Wildlife on the African continent is constantly under threat from poachers and big game hunters. The dwindling numbers mean many creatures have joined the endangered species list and are threatened with extinction.
Sydney’s current Wild in Art event by Taronga Zoo raises awareness of the critical plight facing rhinos. Colourful rhino sculptures painted by artists and their small calves decorated by local schools, are scattered around Sydney from February to April. This spectacular sculpture trail of 125 colourful rhino sculptures highlights the prospect that these magnificent creatures could be wiped out.
Rhino poaching in South Africa is at an all time high. In order to protect and save the species, two of Africa’s leading conservation companies, Great Plains Conservation and &Beyond, have joined forces to safely translocate up to 100 rhino from South Africa to the safe haven of Botswana.
“There is a battle for Africa’s wildlife raging as we speak. Rhinos are being poached at a rate of one every nine hours and the official number is 1,004 dead in 2013 alone. The unofficial number, because we simply do not find them all, is well over 1,000. Like everyone, I’ve been watching this desperate situation worsen, which is why Great Plains Conservation and &Beyond have decided to take action” said Dereck Joubert, Great Plains CEO.
Joss Kent, &Beyond CEO said “Botswana has an excellent security system in place to protect these endangered animals and will be a safe haven for the relocated rhino. Translocations are fundamental to secure the ongoing survival of endangered species and this ground-breaking project aims to protect the species for future generations to enjoy. A project this size requires a strong partnership and a huge resource pool to pull it off.” Having successfully translocated six rhino from South Africa to Botswana last year, &Beyond’s conservation team will lend its expertise to the project. Up to 100 rhino will be captured and safely transported from South Africa and released in Botswana’s remote wilderness. Each rhino will be tagged and microchipped for research and monitoring purposes. A dedicated anti-poaching team using the latest technology will work in conjunction with Botswana government agencies to monitor the animals.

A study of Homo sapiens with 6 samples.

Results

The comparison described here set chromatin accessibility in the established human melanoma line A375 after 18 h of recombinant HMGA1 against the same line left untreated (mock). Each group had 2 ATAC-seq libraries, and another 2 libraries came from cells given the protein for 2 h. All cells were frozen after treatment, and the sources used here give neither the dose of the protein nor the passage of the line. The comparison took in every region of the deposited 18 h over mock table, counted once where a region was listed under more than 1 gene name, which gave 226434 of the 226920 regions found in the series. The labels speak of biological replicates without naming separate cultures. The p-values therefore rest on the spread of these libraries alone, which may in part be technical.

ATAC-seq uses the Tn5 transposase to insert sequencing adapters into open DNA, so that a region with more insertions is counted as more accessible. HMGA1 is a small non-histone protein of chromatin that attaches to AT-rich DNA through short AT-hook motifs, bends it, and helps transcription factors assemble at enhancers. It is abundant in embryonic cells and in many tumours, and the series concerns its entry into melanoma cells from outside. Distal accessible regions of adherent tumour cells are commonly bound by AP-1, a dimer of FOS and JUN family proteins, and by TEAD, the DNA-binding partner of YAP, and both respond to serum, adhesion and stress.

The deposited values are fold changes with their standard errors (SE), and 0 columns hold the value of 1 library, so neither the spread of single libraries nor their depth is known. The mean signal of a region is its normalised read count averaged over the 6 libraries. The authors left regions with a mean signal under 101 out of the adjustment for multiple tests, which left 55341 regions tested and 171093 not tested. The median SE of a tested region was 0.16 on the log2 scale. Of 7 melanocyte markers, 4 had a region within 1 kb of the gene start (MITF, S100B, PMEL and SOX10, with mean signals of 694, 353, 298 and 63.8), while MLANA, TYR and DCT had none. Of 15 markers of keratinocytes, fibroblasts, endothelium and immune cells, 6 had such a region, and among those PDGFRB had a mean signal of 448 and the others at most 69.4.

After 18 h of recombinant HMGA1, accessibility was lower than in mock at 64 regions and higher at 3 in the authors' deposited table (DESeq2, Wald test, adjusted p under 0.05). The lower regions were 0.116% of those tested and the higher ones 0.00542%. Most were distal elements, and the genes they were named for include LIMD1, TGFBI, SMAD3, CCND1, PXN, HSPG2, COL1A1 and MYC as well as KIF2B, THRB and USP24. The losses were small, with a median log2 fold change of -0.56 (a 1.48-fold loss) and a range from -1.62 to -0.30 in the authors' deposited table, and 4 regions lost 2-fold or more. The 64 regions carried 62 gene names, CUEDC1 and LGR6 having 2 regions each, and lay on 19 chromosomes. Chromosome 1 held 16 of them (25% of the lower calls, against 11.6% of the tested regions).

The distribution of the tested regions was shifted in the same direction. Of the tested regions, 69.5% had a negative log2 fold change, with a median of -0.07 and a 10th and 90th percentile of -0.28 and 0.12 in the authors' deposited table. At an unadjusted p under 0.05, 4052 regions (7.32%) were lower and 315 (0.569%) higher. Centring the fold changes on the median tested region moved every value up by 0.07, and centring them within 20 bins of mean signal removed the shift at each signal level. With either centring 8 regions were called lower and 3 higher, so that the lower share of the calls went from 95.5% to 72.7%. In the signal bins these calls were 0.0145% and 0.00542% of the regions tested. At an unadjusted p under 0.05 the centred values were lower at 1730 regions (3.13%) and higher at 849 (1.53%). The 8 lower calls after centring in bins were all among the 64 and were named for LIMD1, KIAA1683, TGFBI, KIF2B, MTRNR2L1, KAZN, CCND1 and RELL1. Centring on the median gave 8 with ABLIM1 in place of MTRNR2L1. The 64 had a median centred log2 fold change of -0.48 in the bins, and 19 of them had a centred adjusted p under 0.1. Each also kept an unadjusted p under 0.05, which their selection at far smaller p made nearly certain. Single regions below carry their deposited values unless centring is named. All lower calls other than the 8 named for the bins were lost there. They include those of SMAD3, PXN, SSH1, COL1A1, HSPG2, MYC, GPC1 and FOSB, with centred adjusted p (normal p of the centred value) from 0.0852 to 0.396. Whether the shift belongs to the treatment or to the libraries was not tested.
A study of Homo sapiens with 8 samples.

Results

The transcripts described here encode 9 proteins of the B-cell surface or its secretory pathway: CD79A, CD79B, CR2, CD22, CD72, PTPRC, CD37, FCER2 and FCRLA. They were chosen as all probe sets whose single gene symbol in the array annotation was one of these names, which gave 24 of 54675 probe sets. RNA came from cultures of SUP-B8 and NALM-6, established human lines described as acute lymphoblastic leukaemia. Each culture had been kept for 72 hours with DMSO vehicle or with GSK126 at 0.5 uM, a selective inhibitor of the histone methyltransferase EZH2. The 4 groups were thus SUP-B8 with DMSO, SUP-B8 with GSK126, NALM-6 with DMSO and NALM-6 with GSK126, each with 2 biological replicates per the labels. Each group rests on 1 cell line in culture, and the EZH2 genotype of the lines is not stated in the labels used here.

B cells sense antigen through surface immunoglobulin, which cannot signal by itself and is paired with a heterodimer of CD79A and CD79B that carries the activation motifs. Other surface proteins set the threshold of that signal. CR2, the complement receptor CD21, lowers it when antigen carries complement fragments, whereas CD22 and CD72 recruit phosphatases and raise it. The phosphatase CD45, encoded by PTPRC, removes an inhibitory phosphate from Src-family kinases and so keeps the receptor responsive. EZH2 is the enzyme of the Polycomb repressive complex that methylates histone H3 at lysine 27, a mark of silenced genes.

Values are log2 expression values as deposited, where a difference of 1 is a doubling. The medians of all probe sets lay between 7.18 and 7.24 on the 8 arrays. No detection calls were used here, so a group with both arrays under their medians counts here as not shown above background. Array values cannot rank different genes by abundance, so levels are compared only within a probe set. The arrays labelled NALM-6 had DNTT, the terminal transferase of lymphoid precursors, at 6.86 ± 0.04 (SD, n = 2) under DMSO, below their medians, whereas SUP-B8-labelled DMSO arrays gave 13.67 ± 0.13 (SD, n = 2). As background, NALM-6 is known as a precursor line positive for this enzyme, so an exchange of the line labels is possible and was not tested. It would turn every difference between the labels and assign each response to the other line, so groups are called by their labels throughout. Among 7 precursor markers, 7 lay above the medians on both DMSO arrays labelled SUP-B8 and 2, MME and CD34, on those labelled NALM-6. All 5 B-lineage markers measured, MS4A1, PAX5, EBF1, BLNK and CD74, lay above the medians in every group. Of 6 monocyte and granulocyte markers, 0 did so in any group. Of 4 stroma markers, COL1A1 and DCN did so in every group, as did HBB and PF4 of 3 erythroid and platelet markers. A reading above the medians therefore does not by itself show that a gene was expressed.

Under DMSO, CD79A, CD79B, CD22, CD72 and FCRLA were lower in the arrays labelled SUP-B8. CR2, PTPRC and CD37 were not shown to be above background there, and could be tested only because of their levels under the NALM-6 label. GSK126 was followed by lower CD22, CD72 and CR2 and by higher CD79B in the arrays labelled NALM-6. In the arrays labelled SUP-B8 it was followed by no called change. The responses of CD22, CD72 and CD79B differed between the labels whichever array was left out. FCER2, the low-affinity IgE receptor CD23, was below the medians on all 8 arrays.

This operation will cost US$8 million and both Great Plains Conservation and &Beyond will announce fundraising initiatives to enable tourism stakeholders, travel partners, tour operators and guests to help save this iconic species and ensure Africa’s Big Five remain for future generations to enjoy.
&Beyond is one of the world’s leading luxury experiential travel companies, designing personalised luxury safaris in 15 African countries, as well as India, Bhutan, Sri Lanka and Nepal.
Great Plains Conservation uses tourism to support the economics of conservation and is continually recognised for its role in harmonising the needs of local communities and wildlife, providing havens for Africa’s wildlife and the ultimate in guest experience. Their seven camps in Botswana and Kenya are leaders in environmental sustainability and community partnership.
The battle to save the rhino from extinction will go on.